Protest in Europe after Ankara blasts
Thousands of protestors came out on the streets to condemn the twin suicide attacks that killed 95 people in a peace rally. Demonstration was organized by the Kurdish Democratic council in France. Demonstrators called for a "stop to the dirty war and state terror in Turkey and Kurdistan". Turkish PM Davutoglu said there were "strong signs" that attacks were carried out by suicide bombers.
Two blasts at a peace demonstration in Ankara, the Turkish capital killed as many as 95 people and wounded another 240, the interior ministry said. TV footage depicted scenes of frenzy and people sprawled on the ground wrapped in blood, among protest banners. Government officials said that they were examining statements that a suicide bomber was responsible for at least one of the blasts.
The rally in Ankara that was attacked was organized by democratic NGOs including KESK, DISK, TMMOB and TTB and which HDP had strongly supported. The rally was organized to protest against ruling party AKP's violent and hostile policies. People around Turkey had collected to put pressure on the government and rally for peace to end the ongoing Turkey-PKK conflict raging since 2 months.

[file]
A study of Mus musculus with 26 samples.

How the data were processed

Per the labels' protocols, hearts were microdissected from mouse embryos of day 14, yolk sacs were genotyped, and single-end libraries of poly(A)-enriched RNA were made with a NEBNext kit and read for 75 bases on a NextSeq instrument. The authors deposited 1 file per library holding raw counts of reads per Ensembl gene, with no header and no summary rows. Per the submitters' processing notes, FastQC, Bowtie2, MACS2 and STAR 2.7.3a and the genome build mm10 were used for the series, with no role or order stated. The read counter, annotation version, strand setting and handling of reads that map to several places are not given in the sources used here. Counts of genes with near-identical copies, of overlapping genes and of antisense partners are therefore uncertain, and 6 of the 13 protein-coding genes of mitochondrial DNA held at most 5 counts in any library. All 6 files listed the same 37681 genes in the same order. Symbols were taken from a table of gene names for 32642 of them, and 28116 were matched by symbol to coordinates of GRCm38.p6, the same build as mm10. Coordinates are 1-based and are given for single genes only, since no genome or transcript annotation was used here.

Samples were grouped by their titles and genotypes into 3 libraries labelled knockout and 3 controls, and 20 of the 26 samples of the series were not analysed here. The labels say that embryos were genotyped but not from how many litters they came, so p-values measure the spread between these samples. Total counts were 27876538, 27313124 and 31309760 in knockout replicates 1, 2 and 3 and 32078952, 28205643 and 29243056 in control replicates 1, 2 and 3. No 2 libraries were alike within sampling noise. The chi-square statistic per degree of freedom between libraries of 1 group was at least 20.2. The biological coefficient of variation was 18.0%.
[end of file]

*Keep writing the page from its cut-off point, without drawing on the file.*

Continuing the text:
The conflict between Turkey and PKK (Kurdistan Workers Party) started following the 2015 Suruç bombing on progressive activists in which 33 people were killed. PKK has demanded separation from Turkey to create an independent Kurdistan.
Journalist Sedef Kabaş said that the PM made false statements about safe Trukey but has failed to take any action to make the country safe and he should resign. Eser Karakaş, a columnist, criticized the National Intelligence Organization (MİT) calling them a failure. Veteran journalist Nazlı Ilıcak tweeted, "Who can say that the country is being ruled successfully?
Number of deaths in the Ankara blasts surpassed the 57 deaths caused by the multipronged al Qaeda bombings in Istanbul in 2003.
Prime Minister Ahmet Davutoglu has declared a three-day official mourning period for the blast victims. Social media websites were blocked in Turkey for a short while. The Turkish government imposed a temporary news blackout covering images that showed the moment of the blasts, gruesome or bloody pictures or "images that create a feeling of panic."